Jets QB Aaron Rodgers aims for potential playoff return after innovative surgery on torn Achilles


Sources say renowned orthopedic surgeon Dr. Neal ElAttrache and his team performed a procedure to place an internal brace — called an Achilles “speed bridge” — on Rodgers’ fully torn left Achilles, which he ruptured just four snaps into Monday’s game against the Bills. While there are no guarantees, the speed bridge protects the repair and opens up the possibility of an earlier return, sources say.


Rodgers might also receive platelet-rich plasma injections, similar to what Lakers star Kobe Bryant — who had ElAttrache repair his Achilles in 2013 — famously received in Germany for a knee injury. There are other players in the NFL who have undergo similar procedures, including Russell Wilson last year.

Rodgers said on The Pat McAfee Show on Friday that he texted ElAttrache from the locker room to start the process of recovery.

“There’s a lot of different ideas about the overall length of the rehab, I think what I’d like to say is, just because nobody’s ever done it in a certain way doesn’t mean it’s not possible,” Rodgers said. “I definitely have some odds stacked against me based on age, but I like it. Stack all the odds up against me and see what happens. My entire focus and dedication is about acquiring the most information and adding to what I’ve already put together as a pretty damn good rehab plan that’s going to, I think, shock some people.”

While Rodgers has high hopes for a quick return, there are plenty of caveats.

The speed bridge does not guarantee a quicker return, though it is said to enhance the strength of the repair and guard it against stretching, sources say. So much depends on how Rodgers’ rehab goes and how his body responds as he turns 40 in December. If there is no reason to push the return — i.e. the Jets are not in the playoffs — then this would be moot.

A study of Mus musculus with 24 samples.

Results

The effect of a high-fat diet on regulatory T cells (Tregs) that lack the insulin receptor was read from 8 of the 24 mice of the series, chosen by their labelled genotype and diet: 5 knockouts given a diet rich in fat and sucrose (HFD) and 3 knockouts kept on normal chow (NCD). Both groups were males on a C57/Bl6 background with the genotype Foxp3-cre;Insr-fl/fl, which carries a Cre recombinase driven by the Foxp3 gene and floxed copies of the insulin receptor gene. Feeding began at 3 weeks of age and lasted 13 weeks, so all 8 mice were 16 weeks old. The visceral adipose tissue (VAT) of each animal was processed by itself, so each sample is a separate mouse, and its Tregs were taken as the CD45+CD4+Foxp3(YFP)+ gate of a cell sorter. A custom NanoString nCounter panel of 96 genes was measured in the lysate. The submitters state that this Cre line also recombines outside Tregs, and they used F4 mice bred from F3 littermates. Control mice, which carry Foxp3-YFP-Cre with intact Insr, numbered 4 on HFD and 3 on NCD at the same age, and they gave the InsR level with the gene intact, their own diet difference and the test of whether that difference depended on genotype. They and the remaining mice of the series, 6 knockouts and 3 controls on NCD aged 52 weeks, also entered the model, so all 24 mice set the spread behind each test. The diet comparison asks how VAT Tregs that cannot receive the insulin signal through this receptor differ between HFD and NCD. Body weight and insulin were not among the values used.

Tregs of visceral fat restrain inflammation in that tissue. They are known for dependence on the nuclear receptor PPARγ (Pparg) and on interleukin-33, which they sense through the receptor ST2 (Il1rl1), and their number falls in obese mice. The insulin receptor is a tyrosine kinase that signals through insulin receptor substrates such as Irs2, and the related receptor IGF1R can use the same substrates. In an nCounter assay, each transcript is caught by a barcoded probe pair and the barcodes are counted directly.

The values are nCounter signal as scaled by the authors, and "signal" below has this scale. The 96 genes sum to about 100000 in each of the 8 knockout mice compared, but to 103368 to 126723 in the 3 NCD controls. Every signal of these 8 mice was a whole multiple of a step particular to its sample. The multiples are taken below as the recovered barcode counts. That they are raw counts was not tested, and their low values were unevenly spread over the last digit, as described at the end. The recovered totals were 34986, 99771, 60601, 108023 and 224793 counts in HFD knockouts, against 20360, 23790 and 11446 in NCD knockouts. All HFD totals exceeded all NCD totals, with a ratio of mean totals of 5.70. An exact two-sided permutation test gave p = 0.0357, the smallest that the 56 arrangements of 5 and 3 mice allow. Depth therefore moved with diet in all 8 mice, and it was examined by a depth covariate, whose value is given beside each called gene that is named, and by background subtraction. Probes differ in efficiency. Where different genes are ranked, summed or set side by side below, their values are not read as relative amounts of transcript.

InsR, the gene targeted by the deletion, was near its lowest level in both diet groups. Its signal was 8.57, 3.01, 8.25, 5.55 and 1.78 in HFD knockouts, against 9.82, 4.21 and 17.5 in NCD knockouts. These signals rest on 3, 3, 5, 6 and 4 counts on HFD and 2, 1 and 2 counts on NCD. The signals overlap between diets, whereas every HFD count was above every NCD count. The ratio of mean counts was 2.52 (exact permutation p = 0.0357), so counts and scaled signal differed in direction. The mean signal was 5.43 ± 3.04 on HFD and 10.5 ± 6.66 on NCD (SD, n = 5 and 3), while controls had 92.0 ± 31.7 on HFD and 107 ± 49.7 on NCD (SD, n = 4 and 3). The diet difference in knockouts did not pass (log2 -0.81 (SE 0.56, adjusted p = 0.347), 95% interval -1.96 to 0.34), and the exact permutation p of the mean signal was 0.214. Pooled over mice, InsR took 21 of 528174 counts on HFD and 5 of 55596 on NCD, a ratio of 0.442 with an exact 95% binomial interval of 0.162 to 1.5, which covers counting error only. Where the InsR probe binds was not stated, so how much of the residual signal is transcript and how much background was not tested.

The Jets, of course, would need to get there without the four-time NFL MVP Rodgers. Former No. 2 overall pick Zach Wilson will start Sunday’s road game against the Cowboys.

There might also be some risks with the procedure. But for Rodgers, the potential benefits of a much-faster return to the field outweigh risks such as needing a future surgery, sources say.

For now, the Jets will roll with Wilson under center. Sources say they have not sought another high-profile veteran QB — not Tom Brady, not Matt Ryan, not Joe Flacco. The thought, essentially, was that Wilson gives them the best chance to win.

Wilson is talented, but it was clear last year his confidence waned. This year, his confidence appears high and it’s evident he has benefited from months of offseason work alongside his childhood hero Rodgers, as well as new Jets offensive coordinator Nathaniel Hackett, passing game coordinator Todd Downing and others on remodeled coaching staff. The Jets have made it known publicly they believe in Wilson with head coach Robert Saleh telling reporters “we’re rolling with Zach.”

Sources say Rodgers has been FaceTiming with Wilson this week, making sure he’s up to speed. The two have actually been in communication since a joint practice during Wilson’s rookie season in 2021, and that has continued.

“I truly believe in myself,” Wilson told reporters on Sept. 14.